Model BMIs: a clinical and scientific health perspective

The impracticality of an 18.5 or above BMI mandate for U.S. fashion models: An Open Letter to the Fashion Industry

 By Laura Cusack, MS, RD 4/5/13

I write, as a Registered Dietitian and the managing Director of ARDIETY Inc., to alert the fashion industry and the public of clinical and scientific health evidence that weighs strongly against a BMI mandate, and to support the U.S. fashion industry’s self regulated health initiatives.   According to the Jerusalem post, Israel is the first nation to pass a law banning the use of fashion models with a BMI under 18.5.  Israeli lawmakers stated that the bill aims to prevent the use of underweight models within the fashion industry in order to promote a healthy body image and fight the spread of eating disorders among young women. (Siegel-Itzkovich 2013)  In hopes of gathering support for their approach, Israeli advocates for the fashion model BMI mandate plan to come to the U.S. this month. (Mercado 2013)

Aside from the ethical and potential legal issues of weight discrimination, a BMI mandate is scientifically inappropriate for the following reasons:

BMI is an incomplete alternative to directly measuring body fat, and it is only one of many factors used to properly evaluate health status. (Academy of Nutrition and Dietetic 2012)  More specifically adult BMI classifications do not account for an individual’s: sex; age; bone/ frame size; muscle mass or dietary macro- and micro- nutrient intake, which all provide a more complete picture of health and can justify a low BMI.

According to the Center for Disease Control’s (CDC) clinical growth charts, females under the age of 20 can healthfully maintain a BMI under 18.5.  For example an 18-year-old female with a BMI of 17.7 is considered normal. (National Center for Health Statistices, Center for Chronic Disease Prevention and Health Promotion 2000) With many models in the U.S. starting their fashion careers at age 16, and with the focus on the health of young women, a BMI mandate of 18.5 or above is ill fitted.  Furthermore, an individual over the age of 20 with a BMI under 18.5 may have a particularly small bone frame size, a rapid metabolism, and/or an extremely nutrient dense, as opposed to calorie dense, diet.

The Israeli mandate also fails to address other eating disorders like bulimia, which plague developed countries. Bulimia, like anorexia, is often fueled by an altered body image and used to prevent weight gain, but can be hidden by a normal BMI.  Although bulimia is typically a normal weight eating disorder it is equally as prevalent and deadly as anorexia and other underweight eating disorders. (National Institute of Mental Health 2011)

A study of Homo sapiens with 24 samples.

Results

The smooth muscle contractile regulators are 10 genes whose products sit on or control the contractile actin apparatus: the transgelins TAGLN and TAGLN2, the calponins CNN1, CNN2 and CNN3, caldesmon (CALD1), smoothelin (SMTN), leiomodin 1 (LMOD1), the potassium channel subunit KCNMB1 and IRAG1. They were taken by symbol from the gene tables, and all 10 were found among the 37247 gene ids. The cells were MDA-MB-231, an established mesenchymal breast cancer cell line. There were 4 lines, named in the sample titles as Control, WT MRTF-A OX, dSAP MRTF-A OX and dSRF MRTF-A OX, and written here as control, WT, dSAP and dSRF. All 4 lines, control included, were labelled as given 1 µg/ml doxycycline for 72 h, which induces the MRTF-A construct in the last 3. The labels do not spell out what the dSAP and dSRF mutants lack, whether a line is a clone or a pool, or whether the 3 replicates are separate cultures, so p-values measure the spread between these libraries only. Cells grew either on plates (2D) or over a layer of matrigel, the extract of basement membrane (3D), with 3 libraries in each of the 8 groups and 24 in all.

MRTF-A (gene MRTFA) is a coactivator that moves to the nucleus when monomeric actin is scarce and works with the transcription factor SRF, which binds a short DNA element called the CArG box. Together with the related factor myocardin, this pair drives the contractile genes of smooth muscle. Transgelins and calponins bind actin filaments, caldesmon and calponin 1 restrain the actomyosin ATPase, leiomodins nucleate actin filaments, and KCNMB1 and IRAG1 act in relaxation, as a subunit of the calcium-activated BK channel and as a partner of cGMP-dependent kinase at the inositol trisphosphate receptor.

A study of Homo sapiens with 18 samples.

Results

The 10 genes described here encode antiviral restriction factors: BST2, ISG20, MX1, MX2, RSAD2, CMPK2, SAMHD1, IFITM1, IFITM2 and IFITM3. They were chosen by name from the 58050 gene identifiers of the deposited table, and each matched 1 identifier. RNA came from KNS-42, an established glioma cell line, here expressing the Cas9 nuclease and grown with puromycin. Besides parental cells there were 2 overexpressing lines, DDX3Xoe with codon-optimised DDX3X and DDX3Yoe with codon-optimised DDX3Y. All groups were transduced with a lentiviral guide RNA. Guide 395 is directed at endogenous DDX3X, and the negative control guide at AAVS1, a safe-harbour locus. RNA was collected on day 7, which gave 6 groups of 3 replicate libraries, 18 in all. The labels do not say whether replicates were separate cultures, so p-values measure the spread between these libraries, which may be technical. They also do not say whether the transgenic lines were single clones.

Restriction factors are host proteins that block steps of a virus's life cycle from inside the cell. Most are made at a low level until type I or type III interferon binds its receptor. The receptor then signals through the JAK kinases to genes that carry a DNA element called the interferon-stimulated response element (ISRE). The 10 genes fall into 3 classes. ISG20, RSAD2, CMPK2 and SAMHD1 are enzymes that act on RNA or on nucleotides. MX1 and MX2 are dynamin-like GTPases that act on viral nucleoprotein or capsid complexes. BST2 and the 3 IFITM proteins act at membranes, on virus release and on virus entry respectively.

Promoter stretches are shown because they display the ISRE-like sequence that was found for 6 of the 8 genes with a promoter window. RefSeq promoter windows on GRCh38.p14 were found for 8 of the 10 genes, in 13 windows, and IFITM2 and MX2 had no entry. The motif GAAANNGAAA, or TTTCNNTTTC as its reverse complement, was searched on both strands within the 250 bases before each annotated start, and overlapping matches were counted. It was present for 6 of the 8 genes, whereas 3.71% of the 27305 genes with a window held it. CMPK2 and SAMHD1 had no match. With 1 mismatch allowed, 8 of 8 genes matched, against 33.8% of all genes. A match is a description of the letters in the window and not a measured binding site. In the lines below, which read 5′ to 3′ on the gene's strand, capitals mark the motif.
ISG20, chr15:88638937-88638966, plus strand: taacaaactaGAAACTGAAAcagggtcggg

This evidence indicates that an individual with a low BMI may in fact be healthy and taking in proper nutrition, while an individual with a normal BMI may not.

To prevent eating disorders and promote a healthy body image in the U.S. we need to focus on an individual’s overall well being and quality of nutritional intake rather than ambiguously discriminating against models based on an incomplete health assessment or their size alone. More specifically we need to continue to grow the proactive promotion of health, diet and fitness education and counseling as well as eating disorder awareness in the industry.

With assistance from ARDIETY, and other organizations dedicated to promoting health and wellness, the approach taken by the U.S. fashion industry will secure healthy fashion models and help the public understand that models maintain their thin bodies by practicing a healthy lifestyle.  As a result, models can indirectly discourage eating disorders and directly encourage health.

For more information about how ARDIETY plans to aid in the promotion of healthy fashion models please contact ARDIETY Inc. at info@ardiety.org or visit our website at www.ardiety.org.

Sincerely,

Laura Cusack, MS, RD

ARDIETY Inc. supports equality and individuality. We provide scientific based diet and fitness related health resources, promoting personalized health.

 

Works Cited

Academy of Nutrition and Dietetic . "Understanding Body Mass Index." www.eatright.org. 2012. http://www.eatright.org/Public/content.aspx?id=6844&terms=bmi (accessed 2012).

Center for Disease Control. "Pediatric and Pregnancy Nutrition Surveillance System ." www.cdc.gov/pednss. CDC. Oct. 29, 2009. http://www.cdc.gov/pednss/what_is/pednss_health_indicators.htm.

Mercado, Jim. "Israel bans overly thin models from working." www.today.com. NBC. Feb 18, 2013. http://www.today.com/video/today/50846307/#50846307.

National Center for Health Statistices, Center for Chronic Disease Prevention and Health Promotion . "2 to 20 years: Girls Body mass index-for-age percentiles." www.cdc.gov/growthcharts. CDC. May 30, 2000. http://www.cdc.gov/growthcharts/data/set1clinical/cj41l024.pdf (accessed March 31, 2013).

National Institute of Mental Health. Eating Disorders. National Institute of Health. 2011. http://www.nimh.nih.gov/health/publications/eating-disorders/complete-index.shtml (accessed 2013).

Siegel-Itzkovich, Judy. Law against anorexic models goes into effect. The Jerusalem Post. January 01, 2013. http://www.jpost.com/Health-and-Science/Law-against-anorexic-models-goes-into-effect.